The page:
Photo cache reveals brutality in Syria [GRAPHIC CONTENT]

Prominent international war crimes experts say they have received a huge cache of photographs documenting the killing of 11,000 detainees by Syrian authorities.

Photo cache reveals brutality in Syria [GRAPHIC CONTENT]

[comment] File photo of Syrian government forces, May 2013.[/comment]

Warning: other photos below are of a graphic nature.

Prominent international war crimes experts say they have received a huge cache of photographs documenting the killing of 11,000 detainees by Syrian authorities.

David Crane, one of the three experts, said the cache provides strong evidence for charging president Bashar Assad and others for crimes against humanity - “but what happens next will be a political and diplomatic decision”.

In the 55,000 digital images, smuggled out by an alleged defector from Syria’s military police, the victims’ bodies showed signs of torture, including ligature marks around the neck and marks of beatings, while others show extreme emaciation suggestive of starvation.

The report – commissioned by the Qatar government, one of the countries most deeply involved in the Syrian conflict and a major backer of the opposition - could not be independently confirmed.

“It’s chilling; it’s direct evidence to show systematic killing of civilians,” said Mr Crane, former chief prosecutor of the Special Court for Sierra Leone.

New York-based Human Rights Watch said the US has focused too strongly on bringing the warring parties into peace talks at the expense of putting “real pressure” on the Assad government to end atrocities and hold to account those responsible.

The group also accused Russia and China of shielding their ally Syria from concrete action at the United Nations.

“The mass atrocities being committed in Syria should be a parallel focus of the peace process,” Kenneth Roth, executive director of Human Rights Watch, told reporters in Berlin.

For Syria watchers, the descent into the abyss was not inevitable, but the result of conscious decisions by a multitude of players.

“From day one, there was a level of violence used initially by the government in its suppression that was unprecedented,” said Nadim Houry, deputy director of Human Rights Watch’s Middle East and North Africa division. “Since the Balkan wars and Rwanda in the 1990s, we have rarely seen a conflict with that many people killed in such a short amount of time.”

More than 130,000 people have died in Syria’s conflict, and more than a quarter of the population of 23 million now live as refugees, either within Syria or in neighbouring countries. Fighters who took up weapons against Assad have turned their guns on each other, trapping ordinary Syrians in the violence of two parallel wars.

Protests started in the southern city of Daraa in March 2011 in response to the arrest and torture of high school students who scrawled anti-government graffiti on the school wall. Security forces responded with brute force, beating and opening fire on largely peaceful protesters, who initially demanded reforms and later moved to seeking Assad’s removal.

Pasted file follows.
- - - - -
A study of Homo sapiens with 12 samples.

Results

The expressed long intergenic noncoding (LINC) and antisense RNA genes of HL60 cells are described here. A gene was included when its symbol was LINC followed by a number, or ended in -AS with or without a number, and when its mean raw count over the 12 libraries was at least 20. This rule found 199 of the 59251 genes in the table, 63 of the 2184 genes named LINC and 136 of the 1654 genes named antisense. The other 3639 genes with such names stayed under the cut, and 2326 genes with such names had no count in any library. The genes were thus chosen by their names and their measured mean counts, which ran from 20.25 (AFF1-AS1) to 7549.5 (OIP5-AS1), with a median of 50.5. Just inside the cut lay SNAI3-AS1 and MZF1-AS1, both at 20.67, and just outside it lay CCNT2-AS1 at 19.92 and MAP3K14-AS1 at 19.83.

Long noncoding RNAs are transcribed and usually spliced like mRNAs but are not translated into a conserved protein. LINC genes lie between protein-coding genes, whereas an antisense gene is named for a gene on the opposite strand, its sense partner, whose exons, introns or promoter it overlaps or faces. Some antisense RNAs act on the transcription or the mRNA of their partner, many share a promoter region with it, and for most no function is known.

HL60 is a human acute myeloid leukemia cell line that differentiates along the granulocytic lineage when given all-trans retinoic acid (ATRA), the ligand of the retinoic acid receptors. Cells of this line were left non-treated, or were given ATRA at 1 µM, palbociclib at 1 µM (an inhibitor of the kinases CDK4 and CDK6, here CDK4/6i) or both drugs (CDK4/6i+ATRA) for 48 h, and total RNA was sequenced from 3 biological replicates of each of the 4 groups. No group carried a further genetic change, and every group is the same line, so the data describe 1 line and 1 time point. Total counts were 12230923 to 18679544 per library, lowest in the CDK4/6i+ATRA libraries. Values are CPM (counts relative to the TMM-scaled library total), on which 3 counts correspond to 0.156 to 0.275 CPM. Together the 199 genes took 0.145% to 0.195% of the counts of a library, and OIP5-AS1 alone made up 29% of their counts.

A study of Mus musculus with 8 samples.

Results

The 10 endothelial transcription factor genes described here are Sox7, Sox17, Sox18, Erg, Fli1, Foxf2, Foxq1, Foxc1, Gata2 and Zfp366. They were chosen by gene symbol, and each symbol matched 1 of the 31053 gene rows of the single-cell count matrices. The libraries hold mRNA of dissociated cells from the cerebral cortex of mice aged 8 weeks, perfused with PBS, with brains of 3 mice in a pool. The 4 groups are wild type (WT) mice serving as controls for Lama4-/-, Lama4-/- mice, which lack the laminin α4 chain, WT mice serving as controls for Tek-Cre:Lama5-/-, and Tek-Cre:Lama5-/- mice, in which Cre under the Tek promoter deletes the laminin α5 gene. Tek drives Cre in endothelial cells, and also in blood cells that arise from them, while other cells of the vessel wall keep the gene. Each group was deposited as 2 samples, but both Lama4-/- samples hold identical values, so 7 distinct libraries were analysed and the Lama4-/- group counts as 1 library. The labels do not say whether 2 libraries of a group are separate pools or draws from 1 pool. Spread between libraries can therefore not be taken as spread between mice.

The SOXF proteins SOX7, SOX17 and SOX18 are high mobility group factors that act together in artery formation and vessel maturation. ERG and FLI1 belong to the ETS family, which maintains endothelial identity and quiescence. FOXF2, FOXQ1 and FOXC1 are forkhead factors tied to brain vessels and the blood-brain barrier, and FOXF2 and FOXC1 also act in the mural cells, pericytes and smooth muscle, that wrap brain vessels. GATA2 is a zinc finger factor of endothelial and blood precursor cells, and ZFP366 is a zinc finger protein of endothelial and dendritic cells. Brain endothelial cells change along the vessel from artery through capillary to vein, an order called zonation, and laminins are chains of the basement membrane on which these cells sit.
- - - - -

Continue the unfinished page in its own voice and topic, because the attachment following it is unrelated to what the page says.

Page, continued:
Chilling brutality against opposition figures came quickly in the first months of the conflict. Hamza al-Khatib, a chubby-faced teenager, was arrested at an anti-government demonstration in April 2011 and not seen again until his mutilated body was delivered to his family weeks later.

Popular cartoonist Ali Farzat was severely beaten up and had both his hands broken before being dumped on the side of the road after he compared Assad to Libya’s dictator Muammar Gaddafi.

The body of Ibrahim Qashoush was thrown in the Orontes river with his throat carved out for writing poetry and anti-Assad songs that rallied thousands of protesters.

As opponents increasingly took up arms, the government escalated its repression. War planes indiscriminately hit rebel-held residential areas with incendiary bombs and crude explosive-filled barrels, often hitting bread lines at bakeries, schools and makeshift hospitals. Government forces have been blamed for an August chemical weapons attack that killed hundreds.

Sectarianism fuelled the viciousness. Syria is a patchwork of religious groups, with Sunnis making up the majority and forming the backbone of the rebellion. Assad is a member of the Alawite sect, an offshoot of Shiite Islam.

A May 2012 assault on Houla – a cluster of Sunni villages surrounded by Alawite towns in central Syria – killed about 100 people, including many children under the age of 10. Video showed rows of dead children with gaping head wounds in a mosque, and the UN called it a massacre by pro-Assad gunmen. In a massacre blamed on rebels, nearly 200 civilians were killed in pro-regime villages in Latakia province.

Islamic militants and foreign al Qaida-linked fighters joined the war against Assad – and reports of human rights abuses by the opposition soared, including mass killings of prisoners, beheadings and floggings. In Aleppo last year, al Qaida-linked gunmen killed a 15-year-old coffee vendor in front of his parents, accusing him of being an “infidel” for allegedly mentioning Islam’s Prophet Muhammad in vain.